A Sydney man told federal police officers he wanted to speak with the prime minister about a matter that was classified and above the officers' pay grade after he allegedly used a knife to threaten a Parliament House worker, police documents state.
The 22 year old appeared via video link in the ACT Magistrates Court on Friday charged with possessing an offensive weapon with intent and reckless threat to kill a person.
The accused, of Riverwood in Sydney's southwest, has not pleaded to the charges.
I'm here to stab someone - if it isn't you, it will be someone else.Accused
Police documents tendered to the court accuse him of using a 12-15cm long knife in his kill threats towards the Parliament House worker about 6pm on June 21.
The worker was sitting in his car when the accused approached the passenger side before getting in, saying he was going to make himself comfortable.
The accused then allegedly started asking the worker "how much do you value your life" and "what's your life worth?" repeatedly.
He also said "I'm a psychopath and I'm off my meds" before allegedly asking "where do you want to die?" and saying "I'm here to stab someone - if it isn't you, it will be someone else".
The worker feared he was going to be stabbed as the accused was allegedly holding the knife in a reverse grip, pointing towards him.
It was only when the driver flashed his car's high beams at the officers and pulled up next to them that the accused gave them the knife.
When the officers spoke to the accused, he said he wanted talk with Prime Minister Scott Morrison but did not elaborate on it.
"(He) only stated that the matter was classified and above the AFP PSOs pay grade," police documents state.
The officers then took him into custody before handing him over to ACT Policing.
The Canberra Times has chosen not to name the accused until more information about his mental health is provided to the court as he is currently on a treatment order and is being assessed.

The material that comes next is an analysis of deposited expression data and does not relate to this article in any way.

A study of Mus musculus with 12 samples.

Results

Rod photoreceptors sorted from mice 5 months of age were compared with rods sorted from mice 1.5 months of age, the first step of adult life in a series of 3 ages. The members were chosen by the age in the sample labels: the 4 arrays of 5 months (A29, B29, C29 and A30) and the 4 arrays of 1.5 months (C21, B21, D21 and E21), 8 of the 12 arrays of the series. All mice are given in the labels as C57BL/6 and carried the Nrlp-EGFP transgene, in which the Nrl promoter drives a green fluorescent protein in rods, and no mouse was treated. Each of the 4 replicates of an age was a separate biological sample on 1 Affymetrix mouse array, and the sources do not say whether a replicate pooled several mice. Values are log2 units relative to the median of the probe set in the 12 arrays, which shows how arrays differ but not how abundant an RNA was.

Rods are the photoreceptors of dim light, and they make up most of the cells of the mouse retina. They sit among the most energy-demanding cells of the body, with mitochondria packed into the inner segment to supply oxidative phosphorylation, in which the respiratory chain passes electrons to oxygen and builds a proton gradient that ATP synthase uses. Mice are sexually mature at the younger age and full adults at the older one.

In court during his second bail application, defence lawyer Mohamed Bejjaoui said his client's mental health has improved, he had no prior convictions for violence and that he was still a young man.
Mr Bejjaoui also proposed for his client to stay in house arrest with a close family friend in the ACT.
"She also qualifies as a support person and has the skills to ensure he has the right mindset," he said.
Prosecutor Lauren Knobel opposed bail on the grounds of the accused's likelihood of reoffending and risks to community safety.
Ms Knobel said the alleged attack was "unprovoked, brazen and a random".
"From the outset, no bail conditions could ameliorate risks," she said.
"The behaviour of the defendant is erratic, unstable and inexplicable."
The prosecutor said the accused was already on mental health treatment order but refused to adhere.
She said that "can be seen as indicative of his intention to comply with a psychiatric treatment order in the ACT as well".
Chief Magistrate Lorraine Walker refused bail because of the uncertainty about whether he is stable from his existing mental health conditions.
"There is no evidence before me as to his current mental state ... that's a great concern because as the prosecutor points out, the offending that is alleged is inexplicable and unpredictable," she said.
"It may be that (he) is now stable but I don't have that information at hand."
In relation to residing with a close family friend, Chief Magistrate Walker said the friend was not a mental health professional and that the location was not a secure facility.
"While the situation is so uncertain, I'm not prepared to grant bail because of the likelihood of further offending and the severe risks that potentially poses to the community," she said.
"I accept that prison is not an appropriate place for him but neither is the community at this point in time."
The accused is set to face court again on July 28.